Insurance gaps exposed as more than half of Texas flood victims go without coverage

Despite an increase in flooding activity, most homeowners find themselves without insurance coverage in the wake of a Texas storm.

Insurance News


Historic flooding overwhelmed Texas and Oklahoma homeowners over Memorial Day weekend, but many are being forced to rebuild without the help of an insurance payout.

A state of disaster was declared in 32 Texas counties by Tuesday, as the Blanco River surged more than 40 feet, killing 17 people and damaging hundreds of homes. Local officials have warned that the flooding could continue for weeks, and heavy rain could trigger flash flooding events.

Yet very few residents in the affected areas have a valid flood insurance policy, according to one industry body chief. In fact, the number of covered homeowners in Texas has declined in recent years and even those that do have a flood policy are finding their coverage insufficient.

“I think less than half of the homeowners affected had flood insurance,” said Mark Hanna, a spokesman for the Insurance Council of Texas, which represents 500 insurance companies in the state.

The numbers actually represent a nationwide trend – according to the III’s annual Pulse survey, just 10% of homeowners and businesses carry current flood insurance – down from 14% in 2012.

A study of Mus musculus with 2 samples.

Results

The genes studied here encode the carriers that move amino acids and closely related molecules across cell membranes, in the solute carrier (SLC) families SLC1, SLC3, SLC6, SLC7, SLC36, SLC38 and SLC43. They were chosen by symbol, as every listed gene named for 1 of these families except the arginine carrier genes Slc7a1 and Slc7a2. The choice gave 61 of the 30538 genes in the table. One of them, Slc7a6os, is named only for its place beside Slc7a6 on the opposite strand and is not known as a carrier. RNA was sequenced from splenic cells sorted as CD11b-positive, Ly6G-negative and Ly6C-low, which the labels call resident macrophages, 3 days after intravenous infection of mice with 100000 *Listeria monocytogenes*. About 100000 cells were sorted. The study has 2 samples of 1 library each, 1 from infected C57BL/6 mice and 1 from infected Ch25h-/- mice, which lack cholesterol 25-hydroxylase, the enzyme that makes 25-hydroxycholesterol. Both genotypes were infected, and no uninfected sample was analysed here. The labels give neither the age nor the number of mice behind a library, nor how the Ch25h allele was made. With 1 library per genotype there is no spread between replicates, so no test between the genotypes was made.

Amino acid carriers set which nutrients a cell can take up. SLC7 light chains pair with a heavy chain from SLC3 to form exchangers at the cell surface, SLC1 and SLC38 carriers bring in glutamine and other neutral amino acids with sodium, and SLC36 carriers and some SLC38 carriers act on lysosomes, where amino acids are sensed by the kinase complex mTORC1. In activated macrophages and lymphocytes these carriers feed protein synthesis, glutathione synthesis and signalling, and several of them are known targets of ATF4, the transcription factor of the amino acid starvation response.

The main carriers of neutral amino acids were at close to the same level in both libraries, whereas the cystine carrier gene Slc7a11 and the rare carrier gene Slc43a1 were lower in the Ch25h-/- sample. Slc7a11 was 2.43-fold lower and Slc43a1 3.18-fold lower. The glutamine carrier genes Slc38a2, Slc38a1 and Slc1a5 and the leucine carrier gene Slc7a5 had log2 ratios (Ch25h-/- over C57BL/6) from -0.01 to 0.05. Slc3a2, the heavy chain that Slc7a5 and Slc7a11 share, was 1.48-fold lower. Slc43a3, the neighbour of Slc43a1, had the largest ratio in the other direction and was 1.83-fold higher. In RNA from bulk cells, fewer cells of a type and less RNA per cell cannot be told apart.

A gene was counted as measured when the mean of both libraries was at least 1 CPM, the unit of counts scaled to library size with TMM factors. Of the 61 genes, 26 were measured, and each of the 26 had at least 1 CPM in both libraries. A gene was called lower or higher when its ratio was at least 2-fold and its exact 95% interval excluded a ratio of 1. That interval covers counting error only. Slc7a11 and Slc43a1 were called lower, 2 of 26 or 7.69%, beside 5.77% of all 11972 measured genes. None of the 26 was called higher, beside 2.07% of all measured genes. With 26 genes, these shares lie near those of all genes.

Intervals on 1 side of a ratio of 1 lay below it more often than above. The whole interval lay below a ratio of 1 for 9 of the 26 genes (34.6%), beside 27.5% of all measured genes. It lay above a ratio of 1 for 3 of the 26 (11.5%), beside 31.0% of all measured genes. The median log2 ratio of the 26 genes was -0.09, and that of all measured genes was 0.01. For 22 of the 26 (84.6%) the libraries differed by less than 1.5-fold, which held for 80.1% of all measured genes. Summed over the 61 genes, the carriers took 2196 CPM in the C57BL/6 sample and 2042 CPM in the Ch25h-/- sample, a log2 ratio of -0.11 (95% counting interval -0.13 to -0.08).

Carole Walker, director of the Rocky Mountain Insurance Information Association, believes the decision to purchase flood insurance largely remains one of affordability, even in the face of increasing storm events.

“Flooding is our most common natural disaster that isn’t covered under a standard policy, but unfortunately, most people don’t carry insurance,” said Walker, whose native Colorado boasts just 22,000 flood insurance policyholders despite recent rainstorms. “Flooding takes many people by surprise, and most people just weigh the risk and decide to run with it.”

However, home and business owners who choose to ignore the lessons of events like the Texas floods and Hurricane Sandy do so at their own peril.  The III notes that 25% of businesses that close their doors after natural disasters never reopen them, and Walker said federal resources like FEMA won’t always be there to help.

“How do you recover from something when you don’t have insurance?” she said. “People assume that these large-scale disasters will always be followed by a federal emergency declaration that will help them out. That isn’t always the case.”
Producers need to ensure that their clients recognize the importance of flood insurance, even if they feel the odds are in their favor – certainly the case in Texas, where a number of affected homes were not located on the flood plain.

“The big message here is, yes…we do get flash floods,” Walker said. “It’s our most common natural disaster, and we really urge agents to offer flood insurance to everyone and everyone should consider purchasing it, weighing their risk.”